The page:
WHEN | WHERE Fourth season starts streaming Friday on Netflix
WHAT IT’S ABOUT President Francis Underwood (Kevin Spacey) is prepping for the South Carolina primary, but even though this may be his home state, he still has cause for concern, in part because there’s a severe oil shortage, and voters are getting restless (or is the word “furious?”). First Lady Claire Underwood (Robin Wright) has walked out — if not quite out of the marriage, then out of the White House, and decamped back to her childhood home, where her mother (Ellen Burstyn) still lives. The Underwood campaign has lots of other challenges — while a mysterious political operative, Leann Harvey (Neve Campbell), is about to make it even more complicated. At least the president has his loyal chief of staff, Doug Stamper (Michael Kelly) and security detail, headed by Edward Meechum (Nathan Darrow) to run interference, and a skillful communications chief, Seth Grayson (Derek Cecil), to spin the press. Now, about his opponent, Heather Dunbar (Elizabeth Marvel) . . . . (Also of note: Big screen and TV legend Cicely Tyson joins the show in the fourth as a powerful congresswoman from Texas.)
MY SAY A man of many sayings, Francis Underwood had one choice epigram that’s stuck with him since the second season, if only because he has operated by this tenet so often: “If you don’t like how the table is set, turn over the table. . . .”
Tables might prefer otherwise; waiters, too, but obsessive fans of cherished series can certainly see the merits. “House of Cards’” third season was occasionally a yawner until such moments that it was a shot to the jaw, most notably the season finale. Frank in power was simply a different dynamic from Frank seeking power. The entire series was predicated on the latter, the third season mostly on the former. Latter was better than former. This table needed to be upended.
This table has been. With six episodes as evidence, no one — no one — can accuse “Cards” of temporizing any more. The glasses lie shattered on the ground, the silverware scattered. These episodes whiz by, only occasionally approaching — or exceeding — the limits of credulity. Besides, there’s nothing here that comes even close to trumping real world politics, for either laughs or implausibility.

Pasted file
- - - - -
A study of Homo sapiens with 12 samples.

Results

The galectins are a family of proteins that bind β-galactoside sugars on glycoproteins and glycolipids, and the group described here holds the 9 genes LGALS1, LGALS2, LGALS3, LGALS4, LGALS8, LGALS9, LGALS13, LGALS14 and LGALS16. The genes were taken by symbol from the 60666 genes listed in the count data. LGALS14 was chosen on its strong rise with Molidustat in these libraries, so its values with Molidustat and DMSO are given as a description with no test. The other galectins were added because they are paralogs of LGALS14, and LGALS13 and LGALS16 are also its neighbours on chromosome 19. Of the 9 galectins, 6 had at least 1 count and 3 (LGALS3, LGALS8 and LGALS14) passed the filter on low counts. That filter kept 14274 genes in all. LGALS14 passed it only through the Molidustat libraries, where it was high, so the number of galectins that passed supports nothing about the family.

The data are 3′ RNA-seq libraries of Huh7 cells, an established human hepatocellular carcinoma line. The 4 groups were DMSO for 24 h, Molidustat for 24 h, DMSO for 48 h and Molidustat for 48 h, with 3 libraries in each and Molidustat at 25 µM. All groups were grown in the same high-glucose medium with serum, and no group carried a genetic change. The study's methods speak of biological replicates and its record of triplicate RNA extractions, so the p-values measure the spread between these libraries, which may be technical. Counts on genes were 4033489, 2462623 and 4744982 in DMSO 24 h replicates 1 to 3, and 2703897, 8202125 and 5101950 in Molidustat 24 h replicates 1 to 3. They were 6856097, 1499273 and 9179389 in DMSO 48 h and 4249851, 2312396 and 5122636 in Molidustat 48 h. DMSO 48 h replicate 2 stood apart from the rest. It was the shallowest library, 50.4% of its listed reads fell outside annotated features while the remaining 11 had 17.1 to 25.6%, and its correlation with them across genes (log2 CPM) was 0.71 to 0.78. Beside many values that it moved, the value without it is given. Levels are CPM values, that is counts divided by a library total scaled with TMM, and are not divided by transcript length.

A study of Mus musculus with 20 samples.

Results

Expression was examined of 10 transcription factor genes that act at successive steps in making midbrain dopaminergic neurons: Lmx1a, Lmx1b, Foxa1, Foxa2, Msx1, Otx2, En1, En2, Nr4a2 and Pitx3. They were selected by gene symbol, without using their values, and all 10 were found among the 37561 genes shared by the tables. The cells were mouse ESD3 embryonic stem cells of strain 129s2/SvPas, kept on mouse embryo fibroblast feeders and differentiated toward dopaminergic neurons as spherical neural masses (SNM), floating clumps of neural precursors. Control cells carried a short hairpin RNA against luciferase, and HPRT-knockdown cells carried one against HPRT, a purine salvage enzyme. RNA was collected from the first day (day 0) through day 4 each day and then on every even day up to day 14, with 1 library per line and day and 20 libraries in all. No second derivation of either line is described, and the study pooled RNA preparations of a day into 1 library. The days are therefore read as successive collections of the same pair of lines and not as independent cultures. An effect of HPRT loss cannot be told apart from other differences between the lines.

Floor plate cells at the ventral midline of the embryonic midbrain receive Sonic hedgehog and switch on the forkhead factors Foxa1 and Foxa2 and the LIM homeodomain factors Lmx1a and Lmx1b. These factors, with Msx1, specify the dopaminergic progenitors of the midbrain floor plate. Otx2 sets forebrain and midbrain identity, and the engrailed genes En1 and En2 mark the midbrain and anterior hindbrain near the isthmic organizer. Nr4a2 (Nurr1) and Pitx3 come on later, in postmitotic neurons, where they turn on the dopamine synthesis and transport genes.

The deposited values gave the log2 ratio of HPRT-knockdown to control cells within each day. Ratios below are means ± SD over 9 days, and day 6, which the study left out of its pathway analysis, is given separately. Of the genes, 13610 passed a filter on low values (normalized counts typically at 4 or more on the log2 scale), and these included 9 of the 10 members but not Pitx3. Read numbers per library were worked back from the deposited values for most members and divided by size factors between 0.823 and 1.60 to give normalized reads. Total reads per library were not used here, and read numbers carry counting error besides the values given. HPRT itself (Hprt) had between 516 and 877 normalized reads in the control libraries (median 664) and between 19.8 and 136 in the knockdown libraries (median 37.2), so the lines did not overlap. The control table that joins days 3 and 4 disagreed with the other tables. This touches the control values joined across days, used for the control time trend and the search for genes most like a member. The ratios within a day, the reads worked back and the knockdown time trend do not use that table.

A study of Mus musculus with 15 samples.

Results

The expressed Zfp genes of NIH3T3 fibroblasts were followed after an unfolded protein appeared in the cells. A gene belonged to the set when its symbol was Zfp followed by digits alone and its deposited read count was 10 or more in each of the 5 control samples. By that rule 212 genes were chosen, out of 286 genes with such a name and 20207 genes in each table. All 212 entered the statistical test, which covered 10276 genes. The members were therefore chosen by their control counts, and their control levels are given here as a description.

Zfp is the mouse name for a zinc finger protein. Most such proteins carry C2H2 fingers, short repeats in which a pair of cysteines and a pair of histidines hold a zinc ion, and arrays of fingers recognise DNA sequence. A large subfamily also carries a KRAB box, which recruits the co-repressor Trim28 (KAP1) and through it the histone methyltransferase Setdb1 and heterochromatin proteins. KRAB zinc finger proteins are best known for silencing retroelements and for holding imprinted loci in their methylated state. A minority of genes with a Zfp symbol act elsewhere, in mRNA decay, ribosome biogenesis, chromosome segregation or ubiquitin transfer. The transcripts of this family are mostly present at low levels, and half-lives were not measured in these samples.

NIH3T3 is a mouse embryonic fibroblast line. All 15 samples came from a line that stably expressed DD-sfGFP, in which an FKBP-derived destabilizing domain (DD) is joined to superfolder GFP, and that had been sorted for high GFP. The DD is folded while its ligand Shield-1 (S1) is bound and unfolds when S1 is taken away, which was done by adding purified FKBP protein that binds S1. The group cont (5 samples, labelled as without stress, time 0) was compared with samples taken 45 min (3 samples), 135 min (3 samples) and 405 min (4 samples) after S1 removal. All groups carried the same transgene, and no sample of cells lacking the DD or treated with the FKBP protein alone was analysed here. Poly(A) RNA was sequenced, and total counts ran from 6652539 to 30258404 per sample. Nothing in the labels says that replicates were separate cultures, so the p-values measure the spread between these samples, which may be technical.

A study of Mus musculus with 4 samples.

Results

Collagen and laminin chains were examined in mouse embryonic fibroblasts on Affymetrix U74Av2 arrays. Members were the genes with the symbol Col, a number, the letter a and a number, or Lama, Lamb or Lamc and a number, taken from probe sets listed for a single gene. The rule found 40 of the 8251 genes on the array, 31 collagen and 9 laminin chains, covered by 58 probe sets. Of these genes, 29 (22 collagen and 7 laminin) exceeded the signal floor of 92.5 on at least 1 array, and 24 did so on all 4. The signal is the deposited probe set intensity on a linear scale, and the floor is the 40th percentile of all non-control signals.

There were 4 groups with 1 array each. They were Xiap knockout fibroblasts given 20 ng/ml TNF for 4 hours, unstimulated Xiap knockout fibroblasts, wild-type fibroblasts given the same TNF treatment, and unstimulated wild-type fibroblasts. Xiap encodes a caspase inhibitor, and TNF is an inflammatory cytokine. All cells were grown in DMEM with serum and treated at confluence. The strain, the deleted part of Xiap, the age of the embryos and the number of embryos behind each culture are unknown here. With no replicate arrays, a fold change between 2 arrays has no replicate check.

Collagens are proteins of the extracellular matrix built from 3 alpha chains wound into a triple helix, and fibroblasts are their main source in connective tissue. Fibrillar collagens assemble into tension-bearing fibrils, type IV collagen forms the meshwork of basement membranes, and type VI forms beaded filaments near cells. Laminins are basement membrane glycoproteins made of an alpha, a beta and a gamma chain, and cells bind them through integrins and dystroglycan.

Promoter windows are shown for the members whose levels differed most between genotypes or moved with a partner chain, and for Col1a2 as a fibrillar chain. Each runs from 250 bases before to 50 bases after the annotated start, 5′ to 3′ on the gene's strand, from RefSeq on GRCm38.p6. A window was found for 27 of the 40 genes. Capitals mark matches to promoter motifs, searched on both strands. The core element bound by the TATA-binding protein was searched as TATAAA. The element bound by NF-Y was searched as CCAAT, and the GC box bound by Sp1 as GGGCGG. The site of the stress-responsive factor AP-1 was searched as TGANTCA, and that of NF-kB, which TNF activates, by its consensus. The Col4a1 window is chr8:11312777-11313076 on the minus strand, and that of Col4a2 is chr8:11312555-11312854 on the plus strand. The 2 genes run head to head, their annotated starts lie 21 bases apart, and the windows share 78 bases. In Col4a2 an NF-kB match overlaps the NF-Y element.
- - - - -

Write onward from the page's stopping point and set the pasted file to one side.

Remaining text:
These feel exactly right, in spirit and context. The oil shortage storyline might seem like a false note when set against what’s going on at the gas pump right now. But the writers couldn’t have known that a year ago, while it still works well within the overall plot.
Fans can guess how matters might hypothetically develop given the rupture between Claire and Francis, but we don’t want to get too spoilery here. Keep in mind that even hypothetical developments can still hold some nice surprises, and there are plenty here.
Foremost, the fourth season is a much deeper study of Claire — her early years in the Texas hill country, when the tea was ice cold and the landed gentry was as well. Burstyn as her mother is flawlessly cast: Almost but not quite an Amanda Wingfield from “The Glass Menagerie” who drifts through an empty house with only ghosts as companions, you see into Claire’s heart through her mother. The view is fleeting, like a fast cut, but it also humanizes her, and enriches her as a character. The fourth season, or at least the first six episodes, belong to Claire.
Meanwhile, “House of Cards” remains very much a study of power — how people get it, and the tricks they use to keep it. What’s been missing over the first three seasons is the “why.” Why does Francis covet power, and why does Claire? Those aren’t just interesting questions but part of an interesting story. “Cards” has begun to tell it in earnest.
BOTTOM LINE A fast and furious romp through the first six episodes that should keep bingers — and fans — happy. (Six episodes were made available for critics’ advance screening; all 12 episodes are available today for streaming.)